Oil Prices Soar by 4% as US and UK Launch Strikes in Yemen, Risking Energy Shock

London, United Kingdom – Oil prices surged by 4% in response to the United States and the United Kingdom launching strikes in Yemen. The military action was taken in retaliation for recent attacks by Houthi rebels on ships in the Red Sea. Brent crude, the international benchmark for oil prices, reached $80 per barrel, its highest point this year. The rebels, backed by Iran, have vowed to retaliate against these Western-led strikes. Despite the price increase, oil prices remain below the highs seen during the Russian invasion of Ukraine.

The UK government is concerned about the potential impact on cargo traffic and the economy if the disruptions in the Red Sea continue to spread. The Treasury has already modeled scenarios that include crude oil prices rising by more than $10 a barrel and a 25% increase in natural gas prices. On Friday, Brent Crude hit $80.55 per barrel, while US West Texas crude rose by 2.71% to $74.73.

The ongoing attacks on shipping in the Red Sea pose a threat to the UK economy, which is still recovering from the effects of the pandemic. Higher energy prices could fuel inflation, just when it has begun to slow down. Moreover, the increased cost of shipping containers may lead companies to pass on the expense to consumers.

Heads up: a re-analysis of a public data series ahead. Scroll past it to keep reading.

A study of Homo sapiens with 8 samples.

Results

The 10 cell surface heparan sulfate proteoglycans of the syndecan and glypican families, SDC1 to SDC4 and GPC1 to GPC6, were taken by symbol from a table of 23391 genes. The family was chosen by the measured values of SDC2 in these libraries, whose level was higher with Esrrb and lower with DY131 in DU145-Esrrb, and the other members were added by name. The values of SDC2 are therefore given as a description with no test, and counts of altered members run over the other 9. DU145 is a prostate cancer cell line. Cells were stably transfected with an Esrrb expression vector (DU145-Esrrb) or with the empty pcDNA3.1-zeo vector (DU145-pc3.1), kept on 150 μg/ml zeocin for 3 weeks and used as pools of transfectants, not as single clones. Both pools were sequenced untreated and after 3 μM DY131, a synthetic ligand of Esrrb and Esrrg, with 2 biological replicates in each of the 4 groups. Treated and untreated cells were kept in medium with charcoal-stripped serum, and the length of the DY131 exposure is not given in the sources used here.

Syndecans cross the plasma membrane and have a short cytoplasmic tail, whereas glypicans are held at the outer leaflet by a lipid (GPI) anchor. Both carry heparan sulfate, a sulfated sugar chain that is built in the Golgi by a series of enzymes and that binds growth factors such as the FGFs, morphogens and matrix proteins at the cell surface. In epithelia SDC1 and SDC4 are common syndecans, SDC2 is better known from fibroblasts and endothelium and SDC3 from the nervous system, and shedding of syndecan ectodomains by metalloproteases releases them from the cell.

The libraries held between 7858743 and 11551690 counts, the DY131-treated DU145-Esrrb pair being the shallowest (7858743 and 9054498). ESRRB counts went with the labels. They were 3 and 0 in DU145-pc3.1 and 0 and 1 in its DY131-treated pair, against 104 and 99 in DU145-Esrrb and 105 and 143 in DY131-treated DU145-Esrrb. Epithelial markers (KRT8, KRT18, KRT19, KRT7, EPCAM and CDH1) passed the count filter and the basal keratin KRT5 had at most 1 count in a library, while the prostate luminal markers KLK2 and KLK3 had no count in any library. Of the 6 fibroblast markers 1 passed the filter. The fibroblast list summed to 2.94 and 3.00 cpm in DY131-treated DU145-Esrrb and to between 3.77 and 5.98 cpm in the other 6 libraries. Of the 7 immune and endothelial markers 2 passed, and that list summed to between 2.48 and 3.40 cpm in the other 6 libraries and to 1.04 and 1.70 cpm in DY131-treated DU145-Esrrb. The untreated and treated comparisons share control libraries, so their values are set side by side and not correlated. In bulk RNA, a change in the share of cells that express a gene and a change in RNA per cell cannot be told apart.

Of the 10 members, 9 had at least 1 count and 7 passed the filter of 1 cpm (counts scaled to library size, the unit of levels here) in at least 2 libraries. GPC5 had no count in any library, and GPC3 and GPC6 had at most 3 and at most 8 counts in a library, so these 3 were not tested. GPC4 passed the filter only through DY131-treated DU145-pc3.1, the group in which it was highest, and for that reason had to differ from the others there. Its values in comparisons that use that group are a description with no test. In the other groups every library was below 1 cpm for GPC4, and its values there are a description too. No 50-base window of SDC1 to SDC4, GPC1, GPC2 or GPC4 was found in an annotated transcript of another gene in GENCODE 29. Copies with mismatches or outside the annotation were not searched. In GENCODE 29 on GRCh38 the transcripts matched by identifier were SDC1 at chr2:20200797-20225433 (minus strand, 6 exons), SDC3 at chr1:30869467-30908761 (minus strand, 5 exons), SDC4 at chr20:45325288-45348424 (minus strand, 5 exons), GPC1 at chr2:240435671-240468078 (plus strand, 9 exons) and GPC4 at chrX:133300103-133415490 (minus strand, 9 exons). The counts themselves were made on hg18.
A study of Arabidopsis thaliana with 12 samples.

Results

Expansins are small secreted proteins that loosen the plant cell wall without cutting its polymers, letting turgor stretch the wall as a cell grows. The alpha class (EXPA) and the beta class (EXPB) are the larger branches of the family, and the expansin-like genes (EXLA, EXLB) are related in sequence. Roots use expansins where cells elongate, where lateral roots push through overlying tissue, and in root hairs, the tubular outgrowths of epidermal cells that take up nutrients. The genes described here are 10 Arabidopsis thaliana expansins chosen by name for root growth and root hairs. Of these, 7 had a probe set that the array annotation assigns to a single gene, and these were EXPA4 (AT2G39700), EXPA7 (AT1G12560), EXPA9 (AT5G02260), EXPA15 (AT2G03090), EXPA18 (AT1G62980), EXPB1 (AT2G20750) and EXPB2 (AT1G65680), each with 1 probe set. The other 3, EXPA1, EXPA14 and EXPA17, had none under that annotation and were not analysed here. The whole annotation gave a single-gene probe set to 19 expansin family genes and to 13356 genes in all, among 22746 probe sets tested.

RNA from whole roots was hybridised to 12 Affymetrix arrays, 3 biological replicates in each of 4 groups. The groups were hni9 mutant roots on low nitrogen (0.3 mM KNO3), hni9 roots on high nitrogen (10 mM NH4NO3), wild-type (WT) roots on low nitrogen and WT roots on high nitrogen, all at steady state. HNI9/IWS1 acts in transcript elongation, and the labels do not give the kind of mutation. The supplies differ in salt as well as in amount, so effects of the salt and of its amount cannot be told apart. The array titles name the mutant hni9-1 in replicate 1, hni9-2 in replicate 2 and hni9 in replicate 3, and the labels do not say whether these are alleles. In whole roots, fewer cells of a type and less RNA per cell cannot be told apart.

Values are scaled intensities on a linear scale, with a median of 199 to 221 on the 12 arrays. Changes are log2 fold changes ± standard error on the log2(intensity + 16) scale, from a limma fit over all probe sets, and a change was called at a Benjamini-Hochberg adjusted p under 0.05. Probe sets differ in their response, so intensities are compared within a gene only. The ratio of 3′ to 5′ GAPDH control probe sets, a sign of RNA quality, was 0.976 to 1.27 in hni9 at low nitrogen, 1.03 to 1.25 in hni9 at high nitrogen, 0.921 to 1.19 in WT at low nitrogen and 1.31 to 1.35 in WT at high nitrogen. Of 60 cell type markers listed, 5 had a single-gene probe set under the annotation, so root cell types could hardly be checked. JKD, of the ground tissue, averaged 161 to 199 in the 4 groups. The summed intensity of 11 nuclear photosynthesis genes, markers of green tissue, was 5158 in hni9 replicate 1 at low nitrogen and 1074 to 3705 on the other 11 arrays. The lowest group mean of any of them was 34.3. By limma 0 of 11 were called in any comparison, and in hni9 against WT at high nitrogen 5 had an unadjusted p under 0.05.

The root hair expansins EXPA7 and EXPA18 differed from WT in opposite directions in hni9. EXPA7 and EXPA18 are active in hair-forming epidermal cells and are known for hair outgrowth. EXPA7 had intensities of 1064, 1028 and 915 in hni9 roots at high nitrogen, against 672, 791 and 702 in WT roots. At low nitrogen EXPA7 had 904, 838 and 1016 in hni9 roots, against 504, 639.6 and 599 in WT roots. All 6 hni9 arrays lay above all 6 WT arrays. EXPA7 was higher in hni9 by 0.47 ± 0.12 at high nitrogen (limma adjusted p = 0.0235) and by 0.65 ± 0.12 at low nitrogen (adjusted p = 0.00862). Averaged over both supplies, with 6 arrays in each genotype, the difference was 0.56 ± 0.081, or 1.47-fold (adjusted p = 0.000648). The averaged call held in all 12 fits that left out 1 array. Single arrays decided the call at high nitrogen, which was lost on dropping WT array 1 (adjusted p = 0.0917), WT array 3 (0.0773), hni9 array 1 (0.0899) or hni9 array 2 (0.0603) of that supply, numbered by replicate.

Prime Minister Rishi Sunak acknowledged the “major disruption to a vital trade route and [higher] commodity prices” caused by the attacks. However, Simon French, the chief economist of Panmure Gordon, noted that current energy prices are still considerably lower than they were four months ago. He believes that when the Bank of England makes its next interest rate decision in February, oil prices will likely be around 20% lower than they were in the autumn.

Houthi rebels in Yemen have intensified their attacks on commercial vessels since the start of the Israel-Hamas war in October. The US has reported 27 attacks in the Red Sea since mid-November. The rebels have been using drones and rockets to target foreign-owned vessels passing through the strait of Bab al-Mandab. As a result, many companies are diverting their vessels around the Cape of Good Hope, adding at least 10 days to their journey.

About 15% of global seaborne trade passes through the Red Sea, handling 8% of global grain, 12% of seaborne oil, and 8% of the world’s liquefied natural gas, according to the White House. The attacks have already caused significant disruption to global trade, affecting companies such as Tesla, Tesco, Next, Ikea, and Danone. Maersk, one of the world’s major shipping lines, has been avoiding the Red Sea route to prioritize crew safety. This route diversion has added extra travel time and increased fuel costs.

The attacks on vessels have led to record-high prices for container transport and goods. The Drewry World Container Index reported pricing for a 40ft container reaching $3,072 on January 11. These disruptions are already impacting people’s daily lives worldwide.

In summary, oil prices surged after the US and UK launched strikes in Yemen in response to Houthi rebel attacks on ships in the Red Sea. The UK government is concerned about potential disruptions to cargo traffic and the economy. While the attacks pose a threat, analysts suggest that current energy prices are still lower than they were a few months ago. Deviations in shipping routes and increased shipping costs have impacted global trade, affecting various industries. The attacks highlight the vulnerability of key trade routes and the interconnectedness of the global economy.